The energy firm SSE has defended a 38% rise in half year profits at a time when its gas and electricity bills are rising by 9% on average.
The company, formerly known as Scottish & Southern Energy, made an adjusted profit before tax of £397.5m in the six months to September 30.
SSE's retail business, which supplies electricity and gas to homes and businesses, reported an operating profit of £75.7m for the first-half after posting an operating loss of £101.4m a year ago.
Lord Smith of Kelvin, the firm's chairman, said: "While some observers may choose to criticise SSE for making a profit and paying a dividend (of 25.2p per share - a rise of 5%) I believe that profit and dividend allow SSE to employ people, pay tax, provide services that customers need, make investments that keep the lights on and create jobs while providing an income return that shareholders like pension funds need."
In August SSE, which trades as Southern Electric, Swalec and Scottish Hydro and is the UK's second-largest generator of electricity, became the first of the so-called 'big six' energy firms to announce inflation-busting increases to household bills.
It blamed "sustained increases" in the cost of using the electricity and gas networks, costs associated with mandatory Government schemes and the price it had paid for energy in the wholesale markets for the 9% rise, which came into effect last month.
Wholesale gas charges had risen 14% year-on-year, the group said and its bill increase would add another £8.53 a month on to the typical monthly direct debit, dual fuel customer - taking the average annual bill to £1,274.
In its statement today SSE said that despite the rise its retail profit margin was just 1.5%.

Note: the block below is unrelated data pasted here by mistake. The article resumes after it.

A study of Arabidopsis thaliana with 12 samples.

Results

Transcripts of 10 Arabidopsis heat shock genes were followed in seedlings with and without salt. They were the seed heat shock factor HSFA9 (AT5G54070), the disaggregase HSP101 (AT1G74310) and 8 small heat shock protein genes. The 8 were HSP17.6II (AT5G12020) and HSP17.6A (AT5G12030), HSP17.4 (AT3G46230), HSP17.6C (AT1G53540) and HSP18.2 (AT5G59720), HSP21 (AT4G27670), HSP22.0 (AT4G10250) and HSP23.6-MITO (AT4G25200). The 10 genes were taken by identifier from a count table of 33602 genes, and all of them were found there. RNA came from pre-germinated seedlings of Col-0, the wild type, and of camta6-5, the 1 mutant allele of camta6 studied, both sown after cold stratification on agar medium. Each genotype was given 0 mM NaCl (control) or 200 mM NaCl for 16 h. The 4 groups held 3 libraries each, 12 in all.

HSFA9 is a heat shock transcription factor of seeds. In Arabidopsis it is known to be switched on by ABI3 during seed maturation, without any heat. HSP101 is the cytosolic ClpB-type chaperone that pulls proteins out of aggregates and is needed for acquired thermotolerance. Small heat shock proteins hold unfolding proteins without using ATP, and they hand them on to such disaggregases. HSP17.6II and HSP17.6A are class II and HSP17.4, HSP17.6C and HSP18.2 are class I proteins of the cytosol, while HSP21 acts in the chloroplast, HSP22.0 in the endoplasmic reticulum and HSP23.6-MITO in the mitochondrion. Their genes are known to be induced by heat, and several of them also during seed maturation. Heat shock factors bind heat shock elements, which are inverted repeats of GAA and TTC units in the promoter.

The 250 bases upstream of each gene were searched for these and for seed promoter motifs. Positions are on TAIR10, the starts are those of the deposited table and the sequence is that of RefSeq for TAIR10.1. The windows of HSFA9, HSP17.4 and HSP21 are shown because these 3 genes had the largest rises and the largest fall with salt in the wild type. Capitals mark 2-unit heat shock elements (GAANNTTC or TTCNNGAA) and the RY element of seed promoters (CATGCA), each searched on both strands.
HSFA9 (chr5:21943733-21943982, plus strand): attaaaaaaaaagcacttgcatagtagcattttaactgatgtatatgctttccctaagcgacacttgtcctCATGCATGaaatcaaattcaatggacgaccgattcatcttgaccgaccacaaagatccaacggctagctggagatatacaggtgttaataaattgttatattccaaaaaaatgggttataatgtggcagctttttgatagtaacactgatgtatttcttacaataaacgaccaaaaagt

"The prices achieved for generating electricity have been weak and higher gas and non-energy costs unfortunately had to be reflected in the increase in household energy prices."
Adam Scorer, Director of Policy and External Affairs at Consumer Focus, suggested energy firms only had themselves to blame for criticism of profits.
"The furore over wholesale costs, energy pricing and company profits has deepened consumer distrust in the energy industry.
"Energy companies need to make profit so they can invest in our energy infrastructure. But if confidence is to be rebuilt in this market, the information that all energy firms are required to provide must be fully transparent, comparable, and include profit and trading information from across the whole of their business."
SSE's share price opened up slightly when trading began on the FTSE 100.
At the same time, rival npower - another of the 'big six' confirmed an operating profit - a different measure to that of SSE - of £238m for its first nine months.
That represented a 2% fall on the same period last year, the company said.